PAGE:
Early morning here in Northern Virginia was perfect today. That is, before the sun burned through the haze and climbed higher into the sky. It got hot… fast! The good news is, I had Ryan out on the patio before this. It was a comfortable seventy-degrees and the humidity was bearable. We did some of his therapy — the ActivCycle — before it became uncomfortable and I brought him back into the house.
He finished his monthly Hyperbaric Oxygen Treatment (HBOT) yesterday, so we were able to take advantage of the time he’s normally in the chamber to get outside. It’s always been my want, since getting the patio, to exercise him at daybreak. Until now, I’ve only had a handful of opportunities. I’m hoping this next thirty days (HBOT cycle off) we can do this much more, provided it isn’t too hot or rainy.
As for me, it was uplifting to drink a cup of coffee and listen to the birds as I watched and worked with Ryan. Sure, it wasn’t complete relaxation but it was something… something more than I usually get. Hey, I wasn’t able to kick up my feet, close my eyes, and enjoy the smell of the morning like any other person, but I did my best to take in every iota of peace between tasks. Well, that’s kind of true because, technically, I didn’t get a break. More precisely, I did this when I would sit down to work on a supply list of all we need to take Ryan to Johns Hopkins later in the week. I suppose I define peace and rest quite differently than most. Actually, I know I do.
As for the Johns Hopkins list I was working on, I was able to get it mostly complete. It’s just a lot of stuff that needs to happen and get packed up to take Ryan out somewhere. This makes no matter how long we’ll be out. Most items need to come regardless of the duration. The difference is, more of some of the items must be put into his “Go” bag, which is rally more like packing for vacation (minus the beach toys and board games).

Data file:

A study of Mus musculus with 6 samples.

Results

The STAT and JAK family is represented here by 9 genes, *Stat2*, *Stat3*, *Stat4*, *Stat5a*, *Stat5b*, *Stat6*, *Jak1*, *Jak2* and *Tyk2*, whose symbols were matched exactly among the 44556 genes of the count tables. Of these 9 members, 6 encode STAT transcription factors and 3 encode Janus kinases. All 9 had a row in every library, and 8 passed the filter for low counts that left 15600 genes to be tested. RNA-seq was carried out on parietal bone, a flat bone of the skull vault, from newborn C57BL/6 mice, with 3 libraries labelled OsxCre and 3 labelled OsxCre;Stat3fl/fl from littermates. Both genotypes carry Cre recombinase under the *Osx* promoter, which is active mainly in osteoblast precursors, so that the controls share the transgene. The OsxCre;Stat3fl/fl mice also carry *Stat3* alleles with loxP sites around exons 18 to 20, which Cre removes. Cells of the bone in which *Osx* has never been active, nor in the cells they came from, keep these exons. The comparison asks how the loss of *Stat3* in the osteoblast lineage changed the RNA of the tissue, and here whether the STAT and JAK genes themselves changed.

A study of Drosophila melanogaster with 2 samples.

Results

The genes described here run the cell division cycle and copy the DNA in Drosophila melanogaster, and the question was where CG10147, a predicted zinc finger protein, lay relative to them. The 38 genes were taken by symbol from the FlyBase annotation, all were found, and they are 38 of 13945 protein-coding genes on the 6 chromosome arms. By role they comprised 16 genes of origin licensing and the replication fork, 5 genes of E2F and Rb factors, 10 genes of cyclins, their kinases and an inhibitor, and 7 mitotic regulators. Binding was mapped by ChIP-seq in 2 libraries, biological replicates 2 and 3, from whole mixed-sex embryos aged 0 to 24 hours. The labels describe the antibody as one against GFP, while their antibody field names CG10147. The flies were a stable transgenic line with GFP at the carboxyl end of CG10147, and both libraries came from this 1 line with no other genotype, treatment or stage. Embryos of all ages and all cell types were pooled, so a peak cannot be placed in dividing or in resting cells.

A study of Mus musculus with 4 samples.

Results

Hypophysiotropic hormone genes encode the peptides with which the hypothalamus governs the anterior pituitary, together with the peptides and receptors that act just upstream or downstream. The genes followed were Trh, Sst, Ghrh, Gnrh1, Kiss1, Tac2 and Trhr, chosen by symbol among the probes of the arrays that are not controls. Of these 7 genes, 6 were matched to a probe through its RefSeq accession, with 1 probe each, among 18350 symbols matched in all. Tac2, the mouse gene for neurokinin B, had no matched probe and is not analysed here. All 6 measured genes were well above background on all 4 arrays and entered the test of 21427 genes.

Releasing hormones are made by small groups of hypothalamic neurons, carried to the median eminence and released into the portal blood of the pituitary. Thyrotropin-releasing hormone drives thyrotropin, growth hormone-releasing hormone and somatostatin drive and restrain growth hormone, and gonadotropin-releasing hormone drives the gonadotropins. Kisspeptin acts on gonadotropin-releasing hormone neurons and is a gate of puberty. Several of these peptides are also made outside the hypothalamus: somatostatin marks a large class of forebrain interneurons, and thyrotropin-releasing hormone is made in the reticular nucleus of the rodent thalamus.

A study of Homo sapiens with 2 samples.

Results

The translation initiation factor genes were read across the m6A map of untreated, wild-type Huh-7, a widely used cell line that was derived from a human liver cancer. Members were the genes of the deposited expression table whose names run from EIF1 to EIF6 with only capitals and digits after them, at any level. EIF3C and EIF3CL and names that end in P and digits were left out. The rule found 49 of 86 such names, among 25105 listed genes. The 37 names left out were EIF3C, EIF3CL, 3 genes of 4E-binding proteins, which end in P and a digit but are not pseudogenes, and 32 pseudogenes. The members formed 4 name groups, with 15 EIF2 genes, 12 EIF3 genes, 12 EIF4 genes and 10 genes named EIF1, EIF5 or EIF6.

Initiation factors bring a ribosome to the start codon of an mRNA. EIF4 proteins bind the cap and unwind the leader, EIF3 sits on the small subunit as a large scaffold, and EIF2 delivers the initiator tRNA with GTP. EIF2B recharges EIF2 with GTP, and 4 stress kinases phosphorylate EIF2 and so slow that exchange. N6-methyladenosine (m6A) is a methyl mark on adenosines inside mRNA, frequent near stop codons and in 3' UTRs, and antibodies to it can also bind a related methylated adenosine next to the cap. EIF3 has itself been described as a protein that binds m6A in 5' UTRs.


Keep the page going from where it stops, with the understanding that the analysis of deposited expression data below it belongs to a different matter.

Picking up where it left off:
Think of it this way, it’s like packing for an infant taken to the tenth power. In our case, we have an infant that weighs 175 lbs and the equipment and supplies to accommodate this increased mass. Instead of a ten pound compact stroller we need a one-hundred fifty pound stretcher (and I’m not even adding in the weight for the oxygen tanks, vitals monitor, and everything else that is onboard). On top of this, the complexity is increased. It’s not a matter of simply snapping him into a car seat. Hell, no. Not even close! There are mechanized lifts, multiple belts to secure him to the stretcher and multiple anchors to secure the stretcher to the ambulance cabin. Getting him out is even worse!
Now let’s look at feeding time. It’s not as easy as opening a jar of food or giving a bottle of prepared formula. Medication and supplements must be crushed and added. To get the food into his stomach means we need to bring antibacterial soap, examination gloves, a g-tube extension, bulb syringe to check residual and pour the food into, a pill crusher, distilled water to flush the tube, measuring cups, stirrer, g-tube de-cloggers, and sterile bags. It’s equally awful and tedious.
Hospitals are the worst, because of the infection risk. I ask you, when was the last time you packed sterile masks and isolation gowns for a day out? We put these on him for his protection. We discard and change these with each old area we leave. I always have to laugh when the staff asks me if he has an infection. “No”, I tell them, “we’re walking into one”.